Halloween Spirit in Skyline

Halloween spirit was more than evident on the afternoon of October 30 as cars filled the whole south circle entrance of Skyline for the lively, reoccurring event of Trunk-or-Treat. At 4:30 p.m., children accompanied by their parents traveled from car to car in hopes of filling their candy bags to the brim. However, Trunk-or-Treat was not the only event that day. Skyline’s traditional event of Eagles After Dark was the highlight of the evening at 6:30 p.m. Students in various costumes poured into the school as the student government and the faculty added some finishing touches to that festive night.

Prior to Eagles After Dark, students, some in costumes, started decorating and preparing their cars for Trunk-or-Treat as soon as 3:30 p.m. Under the watchful eyes of Erik Hanley and Kimiya Nourian, co-presidents of Operational Smile and organizers of this event, preparations were essentially complete by 4:00 p.m. The students, a large portion from NHS(National Honors Society), welcomed the children that began flowing into the south circle, each one eager to fill their candy bags to the top. President of NHS, Vincent Fu who dressed up as a cat while manning a One Direction car shares, “It’s so great to see so many NHS members and other Skyline students dress up and decorate their cars to contribute to a fun activity for the kids, all while supporting Operation Smile.” Costumes and decorations for the event ranged from zombies to pirates to Santa Claus to even humongous waffles.

Trunk-or-Treat resulted as a huge success, with turnouts well above the amounts of previous years. “This Trunk-or-Treat was the biggest one we have ever had! Last year, about three-quarters of the south circle was full. This year we were overflowing with cars and participants! There were even a few more little kids this year,” remarked Hanley. He and Kimiya along with other Operational Smile officers followed a methodical procedure to get this event set up. Hanley inputs, “We kept the same basic plan from last year’s Trunk-or-Treat. It was actually quite simple since it’s Skyline tradition! All we had to do was coordinate with the SBOs so that it would fall on the same day as Eagles after Dark and send out flyers to all the students at Skyline.” As the event concluded, many elated children left with huge smiles plastered on their faces. In addition, many of the volunteering students left with satisfied grins. Melissa Rodriguez, one of the volunteers, says, “I enjoyed dressing up and being able to look at other people’s costumes and how they decorated their cars.”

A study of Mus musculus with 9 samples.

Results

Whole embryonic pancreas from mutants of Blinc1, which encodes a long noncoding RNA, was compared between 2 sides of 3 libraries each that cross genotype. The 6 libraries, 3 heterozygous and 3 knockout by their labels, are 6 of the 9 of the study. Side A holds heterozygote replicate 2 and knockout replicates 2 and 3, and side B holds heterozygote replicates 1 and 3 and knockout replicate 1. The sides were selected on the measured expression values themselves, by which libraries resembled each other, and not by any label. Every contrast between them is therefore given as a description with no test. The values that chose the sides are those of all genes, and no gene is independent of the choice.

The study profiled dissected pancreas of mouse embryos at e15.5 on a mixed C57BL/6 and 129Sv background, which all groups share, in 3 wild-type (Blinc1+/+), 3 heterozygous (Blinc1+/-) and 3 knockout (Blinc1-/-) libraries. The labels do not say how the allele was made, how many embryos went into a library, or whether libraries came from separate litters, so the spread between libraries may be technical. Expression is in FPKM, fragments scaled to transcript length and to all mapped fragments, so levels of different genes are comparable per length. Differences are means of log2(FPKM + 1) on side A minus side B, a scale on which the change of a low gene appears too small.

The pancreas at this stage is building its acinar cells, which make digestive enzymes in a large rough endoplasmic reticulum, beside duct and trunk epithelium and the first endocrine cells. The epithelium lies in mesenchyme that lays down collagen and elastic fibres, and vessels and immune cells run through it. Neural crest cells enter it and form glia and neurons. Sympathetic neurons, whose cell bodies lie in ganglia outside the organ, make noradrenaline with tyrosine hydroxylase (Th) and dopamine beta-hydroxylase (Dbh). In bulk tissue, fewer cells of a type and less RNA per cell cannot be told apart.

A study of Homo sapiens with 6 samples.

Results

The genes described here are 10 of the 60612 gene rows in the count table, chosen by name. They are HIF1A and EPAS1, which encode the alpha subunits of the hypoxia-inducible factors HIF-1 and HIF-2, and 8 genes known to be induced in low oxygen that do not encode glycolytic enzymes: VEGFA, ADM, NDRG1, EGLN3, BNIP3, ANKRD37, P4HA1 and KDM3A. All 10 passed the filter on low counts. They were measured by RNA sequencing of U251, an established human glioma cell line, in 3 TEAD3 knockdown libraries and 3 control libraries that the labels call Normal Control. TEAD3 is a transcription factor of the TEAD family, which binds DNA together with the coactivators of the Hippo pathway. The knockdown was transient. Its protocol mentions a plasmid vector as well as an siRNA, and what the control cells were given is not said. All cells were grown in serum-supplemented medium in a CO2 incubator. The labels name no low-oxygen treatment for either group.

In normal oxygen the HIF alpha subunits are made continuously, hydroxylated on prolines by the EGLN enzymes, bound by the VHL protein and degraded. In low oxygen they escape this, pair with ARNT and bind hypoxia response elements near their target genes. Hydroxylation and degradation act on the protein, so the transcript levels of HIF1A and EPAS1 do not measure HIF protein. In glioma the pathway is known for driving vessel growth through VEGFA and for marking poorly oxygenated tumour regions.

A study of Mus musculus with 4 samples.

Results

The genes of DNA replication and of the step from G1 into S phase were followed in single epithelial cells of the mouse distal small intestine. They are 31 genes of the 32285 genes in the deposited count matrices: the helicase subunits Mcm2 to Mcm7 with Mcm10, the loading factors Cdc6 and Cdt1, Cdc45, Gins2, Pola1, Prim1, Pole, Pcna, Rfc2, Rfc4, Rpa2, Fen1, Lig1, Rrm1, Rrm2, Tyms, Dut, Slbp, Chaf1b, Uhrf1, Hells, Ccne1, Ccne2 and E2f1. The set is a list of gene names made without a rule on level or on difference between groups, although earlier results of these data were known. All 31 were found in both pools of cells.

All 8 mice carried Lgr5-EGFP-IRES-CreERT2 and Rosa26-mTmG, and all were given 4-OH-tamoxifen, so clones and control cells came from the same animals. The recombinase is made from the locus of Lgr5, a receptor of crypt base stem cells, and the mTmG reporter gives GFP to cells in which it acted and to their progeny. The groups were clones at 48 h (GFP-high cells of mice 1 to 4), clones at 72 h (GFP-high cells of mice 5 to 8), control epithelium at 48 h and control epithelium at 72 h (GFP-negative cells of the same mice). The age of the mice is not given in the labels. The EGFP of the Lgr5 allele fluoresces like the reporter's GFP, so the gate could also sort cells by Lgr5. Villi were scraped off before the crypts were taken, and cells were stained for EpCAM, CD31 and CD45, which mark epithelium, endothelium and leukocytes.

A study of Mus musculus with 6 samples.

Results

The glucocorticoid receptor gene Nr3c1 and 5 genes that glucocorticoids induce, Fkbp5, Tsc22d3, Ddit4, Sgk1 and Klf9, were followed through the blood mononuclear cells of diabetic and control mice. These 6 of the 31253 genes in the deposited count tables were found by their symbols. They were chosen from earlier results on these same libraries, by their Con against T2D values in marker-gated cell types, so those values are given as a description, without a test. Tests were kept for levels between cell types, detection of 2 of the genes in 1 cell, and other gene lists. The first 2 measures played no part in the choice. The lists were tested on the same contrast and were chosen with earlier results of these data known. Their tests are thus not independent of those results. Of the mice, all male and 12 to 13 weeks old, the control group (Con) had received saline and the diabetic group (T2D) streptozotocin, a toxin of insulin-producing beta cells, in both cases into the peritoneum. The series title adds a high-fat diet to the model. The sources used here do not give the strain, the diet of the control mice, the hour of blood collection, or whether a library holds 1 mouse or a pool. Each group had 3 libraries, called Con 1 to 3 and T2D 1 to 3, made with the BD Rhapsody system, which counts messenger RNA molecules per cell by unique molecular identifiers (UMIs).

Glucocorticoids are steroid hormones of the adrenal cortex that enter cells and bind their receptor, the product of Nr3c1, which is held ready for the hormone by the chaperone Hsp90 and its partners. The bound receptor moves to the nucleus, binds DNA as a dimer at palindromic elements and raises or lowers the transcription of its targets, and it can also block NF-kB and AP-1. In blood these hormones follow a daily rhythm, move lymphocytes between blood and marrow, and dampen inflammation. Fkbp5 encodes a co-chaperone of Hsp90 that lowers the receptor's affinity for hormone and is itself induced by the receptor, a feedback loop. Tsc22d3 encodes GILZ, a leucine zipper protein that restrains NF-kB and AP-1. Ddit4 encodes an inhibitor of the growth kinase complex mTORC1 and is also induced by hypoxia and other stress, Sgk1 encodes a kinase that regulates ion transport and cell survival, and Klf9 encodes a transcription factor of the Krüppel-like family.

Trunk-or-Treat was not all there was to that day though. Skyline’s main event in the evening kicked off in a mere half hour after it ended at 6:30 p.m. Activities and enjoyments for the evening were well varied; there were options such as: Mafia, free food, video games, Quidditch, and even a spook ally. “My attempt at representing the living dead was rewarded with authentic cries of fear from unsuspecting teenagers as well as a sore throat from two hours of constant moaning and glottal zombie noises,” relays Jeddy Hwang about his experience of being zombie in the spook ally.

Similar to Trunk or Treat, Eagles After Dark sent many students home satisfied. Fu comments, “In the midst of end-of-term tests and college application deadlines, it was way nice to have an evening of food, drinks, and games with fellow Eagles and forget about the pressures of being a high school senior for a few hours.” The success of this event can be attributed to the student government and members of the school faculty. “From the events of the last two years, we looked at what we could improve. We saw what we wanted in an event list and broke into communities, which were each given a list with goals to reach,” shares SBO president Abraham Moffat. The student turnout was lower this year though since there was still school the next day, unlike the previous years. Despite that, the event was still a great success as it received a lot of positive feedback, in particular about the spook ally and food. Moffat claims the success of the event was because “the officers accomplished their tasks and went above and beyond.”